A lab technician works on production of the ‘Medgamal’ Covid-19 vaccine, developed by the Gamaleya National Research Center for Epidemiology on August 6 in Moscow, Russia.
A lab technician works on production of the ‘Medgamal’ Covid-19 vaccine, developed by the Gamaleya National Research Center for Epidemiology on August 6 in Moscow, Russia. Andrey Rudakov/Bloomberg/Getty Images
Russia has approved a coronavirus vaccine developed by the Moscow-based Gamaleya Institute for use, President Vladimir Putin said on Russian state TV on Tuesday.
Speaking in a live teleconference with his cabinet ministers, Putin said the vaccine had gone through all the necessary checks.
“A vaccine against coronavirus has been registered for the first time in the world this morning,” Putin said, adding: “I know that it works quite effectively, it forms a stable immunity.”
“So we’re the first to have registered. I hope our foreign colleagues’ work will move as well, and a lot of products will appear on an international market that could be used,” Putin said.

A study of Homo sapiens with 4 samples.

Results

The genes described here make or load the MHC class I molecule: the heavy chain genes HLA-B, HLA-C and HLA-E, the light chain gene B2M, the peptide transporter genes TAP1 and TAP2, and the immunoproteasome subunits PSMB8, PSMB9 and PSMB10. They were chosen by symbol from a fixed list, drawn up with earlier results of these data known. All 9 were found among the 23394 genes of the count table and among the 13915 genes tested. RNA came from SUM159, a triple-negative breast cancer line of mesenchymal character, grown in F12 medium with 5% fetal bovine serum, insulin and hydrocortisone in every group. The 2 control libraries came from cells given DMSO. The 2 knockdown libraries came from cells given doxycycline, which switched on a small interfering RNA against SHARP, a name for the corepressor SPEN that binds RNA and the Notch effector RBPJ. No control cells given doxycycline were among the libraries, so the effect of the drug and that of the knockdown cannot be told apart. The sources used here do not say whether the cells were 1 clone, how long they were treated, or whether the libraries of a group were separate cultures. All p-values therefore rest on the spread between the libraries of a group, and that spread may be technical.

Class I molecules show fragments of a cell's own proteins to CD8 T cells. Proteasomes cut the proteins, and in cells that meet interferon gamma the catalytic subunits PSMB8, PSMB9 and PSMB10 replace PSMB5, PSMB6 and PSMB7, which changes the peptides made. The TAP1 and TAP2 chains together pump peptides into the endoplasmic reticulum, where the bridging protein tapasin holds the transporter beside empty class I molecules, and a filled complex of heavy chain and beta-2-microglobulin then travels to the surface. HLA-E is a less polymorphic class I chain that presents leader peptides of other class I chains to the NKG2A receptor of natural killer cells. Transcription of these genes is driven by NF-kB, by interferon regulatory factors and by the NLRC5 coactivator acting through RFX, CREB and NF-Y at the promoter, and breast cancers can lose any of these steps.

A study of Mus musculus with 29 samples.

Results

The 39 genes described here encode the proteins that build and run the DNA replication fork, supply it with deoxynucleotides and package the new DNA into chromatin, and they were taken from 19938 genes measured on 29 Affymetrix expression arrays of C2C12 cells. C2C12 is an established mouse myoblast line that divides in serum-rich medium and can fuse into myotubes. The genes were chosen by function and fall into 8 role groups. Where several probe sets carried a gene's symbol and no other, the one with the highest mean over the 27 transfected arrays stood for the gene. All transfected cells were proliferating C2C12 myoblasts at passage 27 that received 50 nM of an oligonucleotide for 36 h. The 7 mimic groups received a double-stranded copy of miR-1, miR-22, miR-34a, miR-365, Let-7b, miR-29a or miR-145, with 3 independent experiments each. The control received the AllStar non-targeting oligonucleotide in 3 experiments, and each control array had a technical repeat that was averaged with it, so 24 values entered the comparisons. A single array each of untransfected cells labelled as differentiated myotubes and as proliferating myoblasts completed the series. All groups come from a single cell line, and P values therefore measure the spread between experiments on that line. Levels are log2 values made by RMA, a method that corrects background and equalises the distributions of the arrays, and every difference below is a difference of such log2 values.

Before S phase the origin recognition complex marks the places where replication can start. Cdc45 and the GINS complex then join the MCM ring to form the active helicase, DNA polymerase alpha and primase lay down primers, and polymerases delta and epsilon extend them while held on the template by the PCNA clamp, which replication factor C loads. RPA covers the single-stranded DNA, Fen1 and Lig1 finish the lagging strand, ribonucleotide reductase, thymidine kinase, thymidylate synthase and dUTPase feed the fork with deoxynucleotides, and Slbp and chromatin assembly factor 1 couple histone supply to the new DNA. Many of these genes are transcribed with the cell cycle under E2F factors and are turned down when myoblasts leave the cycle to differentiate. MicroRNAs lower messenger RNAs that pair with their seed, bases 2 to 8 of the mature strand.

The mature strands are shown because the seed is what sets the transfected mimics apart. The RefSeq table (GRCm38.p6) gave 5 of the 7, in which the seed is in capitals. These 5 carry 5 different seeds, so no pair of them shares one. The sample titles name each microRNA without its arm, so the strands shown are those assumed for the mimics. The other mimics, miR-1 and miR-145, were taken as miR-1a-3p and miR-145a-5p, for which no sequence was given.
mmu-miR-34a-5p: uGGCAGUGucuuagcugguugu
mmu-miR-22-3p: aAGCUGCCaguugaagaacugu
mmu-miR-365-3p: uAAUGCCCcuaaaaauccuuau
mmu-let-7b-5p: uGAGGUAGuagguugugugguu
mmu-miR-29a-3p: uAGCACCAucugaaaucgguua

The Russian President revealed that one of his daughters has taken the vaccine; he said she had a slightly higher temperature following the injections, but that she now feels better.
“I know this very well too, as one of my daughters has been inoculated with the vaccine,” he said.
“I think that this way she participated in the experiment. After the first injection her temperature was 38 [degrees Celsius], the next day 37-something and that’s it. After the second injection the temperature also got a bit higher but that’s it, then it went back down. Now she feels well.”
Reports about Russia’s vaccine have come amid concerns about its safety, effectiveness and allegations that the country has cut essential corners in its development.
Russian officials told CNN previously that crucial Phase 3 trials would take place after state registration of the vaccine.
Russia has released no scientific data on its vaccine testing and CNN is unable to verify its claimed safety or effectiveness.
Critics say the country’s push for a vaccine comes amid political pressure from the Kremlin, which is keen to portray Russia as a global scientific force.